Danielle Hunter was drafted for his athleticism, but, despite a frame that would indicate pure pass rusher, he didn’t get much of a chance to display that at LSU. In fact, he rarely worked on it.
The Minnesota Vikings’ third-round draft choice has speed and long arms, two traits often found in adept NFL pass rushers, but that’s the part of his game that needs the most work and he knows it, saying the schemes and techniques the Vikings are teaching him in his first four months in Minnesota are “completely different.”
“The stuff we learned at LSU is mostly run stuff. Here, it’s a combination of both,” he said. “I’m getting better at both of them. I’m pretty good in run, but the pass, it takes time and that’s something I’m working for.”
It’s a work in progress, to say the least, but he’s getting plenty of time to hone those skills.
Hunter played 62 snaps in the Hall of Fame game against the Pittsburgh Steelers and 53 snaps in Saturday night’s win over the Tampa Bay Buccaneers – both of them the most of any Vikings defender.
“He’s doing a good job in the running game. You get in the passing game a little bit, he’s had some good rushes and he has some not-so-good rushes,” Vikings coach Mike Zimmer said. “He’s like a lot of young guys that I’ve had that have some athletic ability that relied a lot on their athletic ability. There’s still some things that we’re trying to correct. I did see some improvement in some of the rushes last week, but he’s still a ways to go as far as being consistent with that and understanding.”
Hunter echoed that assessment, admitting he is still learning plenty about rushing the passer. Labeled a “workout warrior” at LSU, he is willing to put in the work.
“It takes all practice. Coach (Andre Patterson) says, ‘It’s not going to come overnight.’ Just keep repetition and muscle memory, just keep doing what he tells me to do and I’ll get there,” Hunter said.
“He says that my rush angles have gotten way better. It’s all about your rush angles. You can’t just run up the field and all that. But you can tell from the first game that I just ran up the field and the second game I didn’t run up the field at all. I just kept my angles straight. It’s just working on my rush angles and keeping my eyes on my dude.”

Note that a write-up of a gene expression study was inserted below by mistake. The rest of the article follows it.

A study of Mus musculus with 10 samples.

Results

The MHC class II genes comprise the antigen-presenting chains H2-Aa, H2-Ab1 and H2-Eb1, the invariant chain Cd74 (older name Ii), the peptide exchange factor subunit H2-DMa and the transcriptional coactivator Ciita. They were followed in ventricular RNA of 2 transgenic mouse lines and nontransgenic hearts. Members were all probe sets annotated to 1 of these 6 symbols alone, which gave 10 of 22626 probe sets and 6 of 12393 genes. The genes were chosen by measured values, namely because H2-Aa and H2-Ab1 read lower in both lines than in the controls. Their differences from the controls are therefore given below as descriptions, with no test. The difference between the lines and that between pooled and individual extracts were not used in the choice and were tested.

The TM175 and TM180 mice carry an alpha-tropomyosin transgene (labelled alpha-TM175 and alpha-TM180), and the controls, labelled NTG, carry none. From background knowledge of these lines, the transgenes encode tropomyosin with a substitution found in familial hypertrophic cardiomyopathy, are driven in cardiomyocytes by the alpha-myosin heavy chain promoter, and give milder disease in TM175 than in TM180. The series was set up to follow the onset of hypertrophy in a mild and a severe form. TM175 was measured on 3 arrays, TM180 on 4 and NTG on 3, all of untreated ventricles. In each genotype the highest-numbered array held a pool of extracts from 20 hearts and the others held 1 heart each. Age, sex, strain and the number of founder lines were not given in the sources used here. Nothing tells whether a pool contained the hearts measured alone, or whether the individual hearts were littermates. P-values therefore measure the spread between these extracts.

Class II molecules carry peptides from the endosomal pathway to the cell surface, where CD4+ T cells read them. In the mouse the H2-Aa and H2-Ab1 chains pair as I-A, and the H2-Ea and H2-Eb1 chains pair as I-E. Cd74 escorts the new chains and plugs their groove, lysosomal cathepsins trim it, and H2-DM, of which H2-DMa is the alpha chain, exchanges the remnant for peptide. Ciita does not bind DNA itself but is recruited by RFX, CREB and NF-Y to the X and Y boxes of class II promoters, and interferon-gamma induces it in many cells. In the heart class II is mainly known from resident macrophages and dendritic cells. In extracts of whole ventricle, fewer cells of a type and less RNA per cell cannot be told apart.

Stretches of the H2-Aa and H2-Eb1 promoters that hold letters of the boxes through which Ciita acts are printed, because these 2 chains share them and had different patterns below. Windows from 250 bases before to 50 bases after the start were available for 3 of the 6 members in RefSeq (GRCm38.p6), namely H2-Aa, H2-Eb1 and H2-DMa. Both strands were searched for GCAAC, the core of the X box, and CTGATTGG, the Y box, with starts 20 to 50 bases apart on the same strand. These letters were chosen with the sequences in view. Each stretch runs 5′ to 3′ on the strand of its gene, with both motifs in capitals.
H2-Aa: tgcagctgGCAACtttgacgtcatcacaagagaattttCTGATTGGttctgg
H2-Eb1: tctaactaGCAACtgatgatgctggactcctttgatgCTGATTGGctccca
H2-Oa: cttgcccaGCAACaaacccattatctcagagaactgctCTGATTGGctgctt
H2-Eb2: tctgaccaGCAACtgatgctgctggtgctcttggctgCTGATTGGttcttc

Zimmer likes the fact that Hunter is willing to work. And he sees him sticking with the initial teachings instead of getting frustrated and wanting to try out a new technique.
“A lot of times, young guys, they come and if they don’t have success right away they try something else, and then they try something else, and then they try something else. Consequently, they don’t get good at one,” Zimmer said. “You get good at one thing and then you can progress to the next things. These are just things that young guys – not just him, but all young guys – have to learn. It’s not how much you know, it’s how much you can do.”
At LSU, Hunter was known to pay particular attention to current Cleveland Browns outside linebacker Barkevious Mingo. In Minnesota, he is listening to Brian Robison and paying particular attention to Everson Griffen’s pass-rushing moves and work ethic.
While he might be raw in the techniques of pass rushing, Hunter has the assets that coaches love. He has the speed and the long arms that can help him shed blockers. His 83½-inch wingspan was third-longest among defensive linemen and linebackers at the NFL Scouting Combine.
His maturation into a complete defensive end could take time, but Hunter is patient knowing much of what he’s learning is new.
“When I was at LSU, I didn’t really do all that pass-rushing stuff. We mainly did run-blocking stuff – run block, run shed,” he said. “It was mainly a strong run defense so we didn’t do that much pass rushing. We had Sam blitzes, Will blitzes, off-the-edge blitzes.
“It should be coming. I’m just taking my time, listening to what they tell me to do.”